Frank Ching is a Hong Kong-based journalist.

Chinese diplomats around the world seem to have become increasingly assertive in the aftermath of President Xi Jinping’s declaration last year that a new era had arrived that would see China moving closer to centre stage.

In recent weeks, China’s embassies, especially a few in Europe, have been making statements and taking actions that appear distinctly undiplomatic.


The Chinese embassy charged that the police “brutally abused” and “severely endangered the life” of the Chinese tourists and asked for an apology.

In the United Kingdom, an event on Hong Kong held on the sidelines of the Conservative Party’s annual conference was disrupted when a Chinese woman interrupted closing remarks by Benedict Rogers, a British human-rights activist. “I am pro-China, not anti-China. I want China and its people to succeed,” she said, according to The New York Times.

The woman, identified later as a Chinese reporter, did not ask a question but shouted: “You are a liar. You are anti-China. You want to separate China. And you are not even Chinese.” Then, referring to the participants from Hong Kong, she said, “The rest are all traitors!” A video of the event showed that when asked to leave, she slapped a volunteer.

It turned out that she was the representative of CGTN, China’s state-run international broadcaster.

The Chinese embassy didn’t take long to intervene. It denounced the organizers of the talk and said Kong Linlin was assaulted for merely asking questions.

“In a country that boasts freedom of speech, it is puzzling that the Chinese journalist should encounter obstruction in such a way and even assault at the fringe event when she simply raised a question and expressed her opinions,” the statement continued. “This is completely unacceptable.”


This past Sunday, the Chinese embassy in Berlin denounced Sueddeutsche Zeitung, one of the largest German newspapers, for publishing an interview with Joseph Wu, foreign minister of Taiwan, an island that China claims as part of its territory. An embassy spokesman said the newspaper provided “Taiwan independence” secessionists with media access.

The interview was conducted by Kai Strittmatter, a highly experienced journalist and author who is the paper’s China correspondent. Mr. Strittmatter said in his article that Taiwan is a big potential trouble spot and is now a focus in Washington and Beijing. An interview with its foreign minister is certainly justifiable from a news standpoint.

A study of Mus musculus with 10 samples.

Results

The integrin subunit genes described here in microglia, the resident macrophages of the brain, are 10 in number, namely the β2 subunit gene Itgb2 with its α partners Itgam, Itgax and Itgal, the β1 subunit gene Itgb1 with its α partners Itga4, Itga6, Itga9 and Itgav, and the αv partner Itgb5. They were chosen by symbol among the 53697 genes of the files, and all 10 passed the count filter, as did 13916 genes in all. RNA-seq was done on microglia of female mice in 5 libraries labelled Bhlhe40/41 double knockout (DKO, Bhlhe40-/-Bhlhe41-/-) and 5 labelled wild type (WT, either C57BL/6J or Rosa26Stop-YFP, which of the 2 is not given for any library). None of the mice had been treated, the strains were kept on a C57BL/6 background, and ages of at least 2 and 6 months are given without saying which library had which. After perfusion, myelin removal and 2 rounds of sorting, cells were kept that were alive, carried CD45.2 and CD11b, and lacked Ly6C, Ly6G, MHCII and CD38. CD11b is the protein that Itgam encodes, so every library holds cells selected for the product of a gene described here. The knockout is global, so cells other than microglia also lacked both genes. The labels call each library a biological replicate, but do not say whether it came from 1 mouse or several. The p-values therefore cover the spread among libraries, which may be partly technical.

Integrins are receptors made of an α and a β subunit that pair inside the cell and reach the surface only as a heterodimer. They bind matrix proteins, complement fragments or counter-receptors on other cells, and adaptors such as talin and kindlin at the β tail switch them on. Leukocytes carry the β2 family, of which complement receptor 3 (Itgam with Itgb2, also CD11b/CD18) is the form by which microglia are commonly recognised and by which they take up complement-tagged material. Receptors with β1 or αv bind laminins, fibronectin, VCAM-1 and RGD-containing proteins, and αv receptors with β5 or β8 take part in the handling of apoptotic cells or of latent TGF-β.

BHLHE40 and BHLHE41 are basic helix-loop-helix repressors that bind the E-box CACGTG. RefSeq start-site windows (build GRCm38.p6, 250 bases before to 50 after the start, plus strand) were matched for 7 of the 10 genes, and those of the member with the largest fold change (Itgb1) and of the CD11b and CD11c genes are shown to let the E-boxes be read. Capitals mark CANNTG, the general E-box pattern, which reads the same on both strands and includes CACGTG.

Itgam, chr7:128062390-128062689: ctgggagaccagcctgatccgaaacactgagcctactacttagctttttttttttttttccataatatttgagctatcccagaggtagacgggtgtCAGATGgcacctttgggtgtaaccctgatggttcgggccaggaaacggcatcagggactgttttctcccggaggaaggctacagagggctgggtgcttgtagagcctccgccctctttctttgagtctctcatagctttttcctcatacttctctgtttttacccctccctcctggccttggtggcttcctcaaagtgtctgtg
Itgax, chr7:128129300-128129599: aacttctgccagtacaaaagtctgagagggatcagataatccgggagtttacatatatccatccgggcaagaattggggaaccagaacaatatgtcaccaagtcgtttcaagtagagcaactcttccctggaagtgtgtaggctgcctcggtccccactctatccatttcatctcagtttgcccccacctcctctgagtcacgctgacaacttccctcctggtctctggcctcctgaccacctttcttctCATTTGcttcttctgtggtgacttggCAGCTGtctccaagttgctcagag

However, the Chinese embassy spokesman did not view the article for its news value but rather for sheer politics. The embassy spokesman asked the German government to prevent the German press from publishing such articles in the future, hinting that bilateral relations could be disrupted.

The official Xinhua News Agency reported: “The spokesman said China always supports the national unity of Germany, thereby it hopes Germany to take the same attitude to China. Germany needs to realize that the ‘Taiwan independence’ secessionist activities on its soil would disrupt and harm China-Germany bilateral relations and regional stability.”

China has repeatedly voiced its opposition to what it calls “long-arm jurisdiction” by other countries against Chinese entities or individuals.


China is trying to deepen the international isolation of Taiwan wherever possible. But increasingly, it is not only telling governments but also private businesses and the media what to do and what not to do.

Since the 1950s, China has promised never to interfere in other countries’ internal affairs. But now, it is even telling them to ditch their core values, such as respect for a free press, if they value their relationship with Beijing.

China’s diplomats should remember that what Mr. Xi said at the 19th party congress last year was not just that the new era would see China moving closer to centre stage, but that it would do so and make “greater contributions to mankind.”

As Mr. Xi certainly knows, there is a huge difference between making contributions to mankind and expanding China’s national interests by browbeating other countries and interfering in their internal affairs.